Do Kurds want independence

Kurds are the largest stateless people on earth. 30 million kurds were dispersed into 3 separate states without moving an inch from their homes. The end of the Ottomans gave the British and French colonizers to play chess on the political map of the Ottoman lands. Kurds ended up becoming unwanted toys for Syrians, Turks and Iraqis. For decades they were marginalised through political deprivation at best and at times heavy firepower from aircrafts and fighter jets. what do the Kurds want, an independent state of their own?
Actually they never pressed any such demand. The PKK of Iraqi Kurdistan, and quite possibly the equivalent of being the PLO of global Kurds, staes:

Kurds on both sides of the Syria-Turkey border say they’re not seeking an independent Kurdistan, but instead to establish autonomous and fully recognized Kurdish regions along the lines of Iraq’s KRG, which remains under the sovereignty of a federal Iraq. These regions would nonetheless also share in some version of an open-border supra-Kurdish federation. That’s a perspective long espoused by jailed PKK leader Abdullah Ocalan, who believes that the nation state is an outdated model unsuited to the needs of the Kurds.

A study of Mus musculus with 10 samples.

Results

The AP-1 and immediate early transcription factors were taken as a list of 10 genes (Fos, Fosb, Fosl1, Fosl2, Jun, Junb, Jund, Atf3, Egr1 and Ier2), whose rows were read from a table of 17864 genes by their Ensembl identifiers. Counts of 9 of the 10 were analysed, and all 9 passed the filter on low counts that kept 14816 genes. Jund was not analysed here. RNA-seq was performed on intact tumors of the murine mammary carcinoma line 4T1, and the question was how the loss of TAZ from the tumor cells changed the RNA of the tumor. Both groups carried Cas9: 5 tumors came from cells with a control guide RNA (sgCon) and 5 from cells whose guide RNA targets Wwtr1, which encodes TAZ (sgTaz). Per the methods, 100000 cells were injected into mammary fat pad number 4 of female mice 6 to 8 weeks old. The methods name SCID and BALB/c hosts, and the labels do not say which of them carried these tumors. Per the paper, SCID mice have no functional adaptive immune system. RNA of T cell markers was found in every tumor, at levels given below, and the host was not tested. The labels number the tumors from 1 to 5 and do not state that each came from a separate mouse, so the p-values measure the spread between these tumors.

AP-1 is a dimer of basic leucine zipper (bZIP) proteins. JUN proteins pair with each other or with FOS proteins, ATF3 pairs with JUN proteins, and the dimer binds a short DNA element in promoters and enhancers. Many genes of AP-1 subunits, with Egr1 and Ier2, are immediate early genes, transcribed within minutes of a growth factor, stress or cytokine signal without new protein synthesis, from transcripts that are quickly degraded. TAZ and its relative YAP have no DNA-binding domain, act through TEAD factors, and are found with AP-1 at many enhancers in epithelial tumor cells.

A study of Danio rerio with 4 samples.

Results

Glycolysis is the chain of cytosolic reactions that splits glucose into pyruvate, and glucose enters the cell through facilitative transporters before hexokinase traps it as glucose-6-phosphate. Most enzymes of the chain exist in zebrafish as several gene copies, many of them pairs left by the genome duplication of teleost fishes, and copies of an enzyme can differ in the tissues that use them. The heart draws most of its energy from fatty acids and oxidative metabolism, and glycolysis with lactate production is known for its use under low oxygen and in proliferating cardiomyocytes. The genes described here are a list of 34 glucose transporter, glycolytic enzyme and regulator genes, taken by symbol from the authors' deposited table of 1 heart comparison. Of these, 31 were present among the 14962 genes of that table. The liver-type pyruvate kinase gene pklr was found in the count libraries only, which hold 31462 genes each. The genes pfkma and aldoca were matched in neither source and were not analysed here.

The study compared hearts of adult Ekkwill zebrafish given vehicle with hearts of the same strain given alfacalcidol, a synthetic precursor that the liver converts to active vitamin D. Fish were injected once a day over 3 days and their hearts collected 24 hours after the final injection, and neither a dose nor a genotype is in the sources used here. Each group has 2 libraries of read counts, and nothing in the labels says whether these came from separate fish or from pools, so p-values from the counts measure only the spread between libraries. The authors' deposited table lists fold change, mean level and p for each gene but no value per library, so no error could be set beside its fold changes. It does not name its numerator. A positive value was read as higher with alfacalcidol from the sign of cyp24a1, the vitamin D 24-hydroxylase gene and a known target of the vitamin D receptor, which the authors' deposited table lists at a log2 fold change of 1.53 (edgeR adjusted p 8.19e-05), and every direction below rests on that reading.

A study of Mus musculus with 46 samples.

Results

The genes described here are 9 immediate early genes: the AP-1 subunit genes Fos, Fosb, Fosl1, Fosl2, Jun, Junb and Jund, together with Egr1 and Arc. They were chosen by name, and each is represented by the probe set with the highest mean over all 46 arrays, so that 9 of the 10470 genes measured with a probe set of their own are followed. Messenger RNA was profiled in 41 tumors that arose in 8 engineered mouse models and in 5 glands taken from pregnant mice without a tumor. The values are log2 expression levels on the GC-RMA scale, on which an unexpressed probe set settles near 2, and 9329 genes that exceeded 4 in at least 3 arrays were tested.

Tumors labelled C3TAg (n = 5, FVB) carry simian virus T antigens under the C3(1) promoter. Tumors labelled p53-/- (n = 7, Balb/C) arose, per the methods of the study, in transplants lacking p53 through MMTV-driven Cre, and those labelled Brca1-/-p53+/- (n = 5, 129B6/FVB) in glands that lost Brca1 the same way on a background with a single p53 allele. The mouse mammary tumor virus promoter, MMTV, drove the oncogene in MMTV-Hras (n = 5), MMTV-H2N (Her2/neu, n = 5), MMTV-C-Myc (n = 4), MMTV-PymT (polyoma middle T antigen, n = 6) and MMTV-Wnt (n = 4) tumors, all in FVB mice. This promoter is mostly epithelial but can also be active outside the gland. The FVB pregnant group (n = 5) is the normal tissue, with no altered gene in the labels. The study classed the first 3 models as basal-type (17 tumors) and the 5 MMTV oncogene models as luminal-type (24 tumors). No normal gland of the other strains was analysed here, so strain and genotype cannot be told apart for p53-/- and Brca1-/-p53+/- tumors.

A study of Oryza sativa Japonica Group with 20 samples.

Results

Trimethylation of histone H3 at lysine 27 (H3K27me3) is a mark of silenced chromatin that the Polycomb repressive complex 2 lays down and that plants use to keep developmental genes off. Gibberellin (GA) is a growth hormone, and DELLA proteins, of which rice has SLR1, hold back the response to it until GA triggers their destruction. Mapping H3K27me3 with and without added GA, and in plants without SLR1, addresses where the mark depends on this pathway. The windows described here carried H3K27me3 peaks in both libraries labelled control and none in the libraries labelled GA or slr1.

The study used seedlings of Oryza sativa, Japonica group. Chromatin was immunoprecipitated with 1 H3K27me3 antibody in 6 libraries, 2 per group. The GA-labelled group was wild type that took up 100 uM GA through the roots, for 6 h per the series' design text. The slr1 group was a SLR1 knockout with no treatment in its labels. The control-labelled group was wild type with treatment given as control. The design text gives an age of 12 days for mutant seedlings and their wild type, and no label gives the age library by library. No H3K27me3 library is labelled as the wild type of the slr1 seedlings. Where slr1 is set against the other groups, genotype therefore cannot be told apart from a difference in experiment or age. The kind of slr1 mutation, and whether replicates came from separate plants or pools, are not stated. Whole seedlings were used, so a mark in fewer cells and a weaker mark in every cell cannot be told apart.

“Of course, whether or not a federation emerges depends on so many other determinants, like the international community, not to mention how events in Damascus turn out,” says Altug. “But this is a political coming of age for the Kurds. They are pursuing a pragmatic and politically astute strategy.”

Asked whether the region was ready for an independent Kurdistan, Barzani was fairly open. “It’s a natural right of the people. But when and how it will be ready is a different question,” he told al-Jazeera last week.

Turkey’s problem is that events in Syria could force its hand in dealing with its domestic Kurdish challenge — and not just militarily. Erdogan has seesawed between conceding more democratic and cultural rights to Turkey’s Kurds, and adopting a hawkish militarist stand — thousands of Kurdish politicians and activists are currently under arrest for allegedly belonging to a political offshoot of the PKK. “That’s the most essential question,” wrote Birand. “What effort are we making to solve our own Kurdish issue, to comfort our own citizens of Kurdish origin?” Regardless of the answer, that question is now increasingly central to shaping Turkey’s responses to the rebellion next door.